Random Book List: Three Memorable Novels (I don’t know why)

I find, like certain films, holidays, songs; there are some books that will never leave me; like those smells that reminds you of your childhood. These books I have read again-and -again, and I have often found it hard to pin down exactly what it is that keeps me coming back because I wouldn’t consider them my favorite books of all time. I hope, by writing them down, I’ll be able to unpack the mystery behind my love for these books.


  1. the-lost-art-of-keeping-secrets-194x300The Lost Art of Keeping Secrets (2005) – Eva Rice 

I absolutely adore this book. Set in the 1950s, this novel acts like a coming-of-age story about 18-year-old Penelope, a hopeless-romantic whose fantasies about American singer, Johnny Ray, keep her sane during the bleak penniless days of post-war England. Despite the fragility of her situation; her forlorn mother and the loss of her father, Penelope remains positive, hoping one day to meet the man of dreams. It is thus, by pure chance, that one day, whilst waiting for the bus, she bumps into the glamorous Charlotte Ferris. It is through this lucky encounter that Penelope is whisked into a word of hope, romance and riches like she has never seen before.

This novel is not chick-lit, despite its outward appearance. No. This novel deals with the guilt that proceeds the end of rationing; it deals with class wars and the anxieties of growing up and meeting expectations. It is also beautifully written and gives a fantastical element to the rock n’ roll fifties, in the sense that you want nothing, but to be transported into the pages.

41zfyw92t2l-_sy344_bo1204203200_2. I Capture the Castle  (1948) – Dodie Smith 

For those of you who remember the 2003 film starring Bill Nighy, do you remember how utterly enchanting it was? The romanticised image of the English countryside and its ruined old castle? Well, its original novel is even more gorgeous.

I often band The Lost Art of Keeping Secrets and I Capture the Castle into the same sort of category. They’re both set after the war and share the same captivating prose that makes England seem like somewhere out of a fairytale. However, this is somewhat darker than the The Lost Art of Keeping Secrets; it emphasises the financial pressure’s dumped on families following the war and depicts some darker, seedier characters that you are just begging to be cast away somewhere.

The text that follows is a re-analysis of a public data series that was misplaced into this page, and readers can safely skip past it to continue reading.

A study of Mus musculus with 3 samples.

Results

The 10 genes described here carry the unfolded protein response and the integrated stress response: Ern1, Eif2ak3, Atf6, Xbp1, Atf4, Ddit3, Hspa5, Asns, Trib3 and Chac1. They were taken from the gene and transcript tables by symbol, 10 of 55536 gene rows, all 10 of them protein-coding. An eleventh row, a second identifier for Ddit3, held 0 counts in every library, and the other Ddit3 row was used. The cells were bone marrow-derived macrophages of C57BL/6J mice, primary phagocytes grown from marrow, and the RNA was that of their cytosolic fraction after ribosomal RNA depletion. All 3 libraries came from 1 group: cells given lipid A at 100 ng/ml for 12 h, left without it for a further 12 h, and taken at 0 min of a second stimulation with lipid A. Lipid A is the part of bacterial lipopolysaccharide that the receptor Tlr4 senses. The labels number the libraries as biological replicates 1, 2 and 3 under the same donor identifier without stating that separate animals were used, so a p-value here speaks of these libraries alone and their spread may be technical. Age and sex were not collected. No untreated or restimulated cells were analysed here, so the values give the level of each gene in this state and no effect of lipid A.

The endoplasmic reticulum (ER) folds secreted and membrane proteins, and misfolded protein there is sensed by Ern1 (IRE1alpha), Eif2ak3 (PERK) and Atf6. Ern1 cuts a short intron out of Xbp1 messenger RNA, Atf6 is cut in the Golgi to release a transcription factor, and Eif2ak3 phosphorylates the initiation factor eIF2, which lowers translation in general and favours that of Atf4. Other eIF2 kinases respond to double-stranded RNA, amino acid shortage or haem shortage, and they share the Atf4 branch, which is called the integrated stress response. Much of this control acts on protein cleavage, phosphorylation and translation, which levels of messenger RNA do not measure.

This novel is told through a  diary-keeper called Cassandra, who is ever critical of her family; her gorgeous older sister, her introverted father, her annoying little brother and her naked step-mother. As ever, with most teenage girls of this period, she dreams of marrying a rich, older gentleman and wants nothing more than to be swept off her feet.

As luck might have it, two American’s stumble in on her whilst she is having a bath, and thus entails a love triangle that involves parties, record players and sibling rivalry. Again, this is not chic-lit, I promise. Perhaps it would be in a modern setting, but Dodie Smith’s luscious descriptions of the English countryside and the depiction of the aftermath of war makes this a truly worth while read.

seven_years_in_tibet_ver13. Seven Years in Tibet (1952) – Heinrich Harrer 

This one is a bit of a mystery to me in the sense that I barely remember anything about it, other than it has always stuck somewhere in the back of my mind. This is an autobiographical piece and was my first encounter with travel writing. It retells Heinich Harrer’s time in Tibet during the Second World War and I remember it partly for its beautiful descriptions of the Tibetan scenery and its culinary flavors. The other part I remember particularly because of the frequent encounters with Yaks, an animal I had never heard of before and one I proceeded to write a year-six research project on. This novel has been made into two films and is perhaps on-par with Michael Palin’s Around the World in 80 Days. So if you are ever interested in learning about Tibetan culture and the Dalai Lama; this should be your go-to book.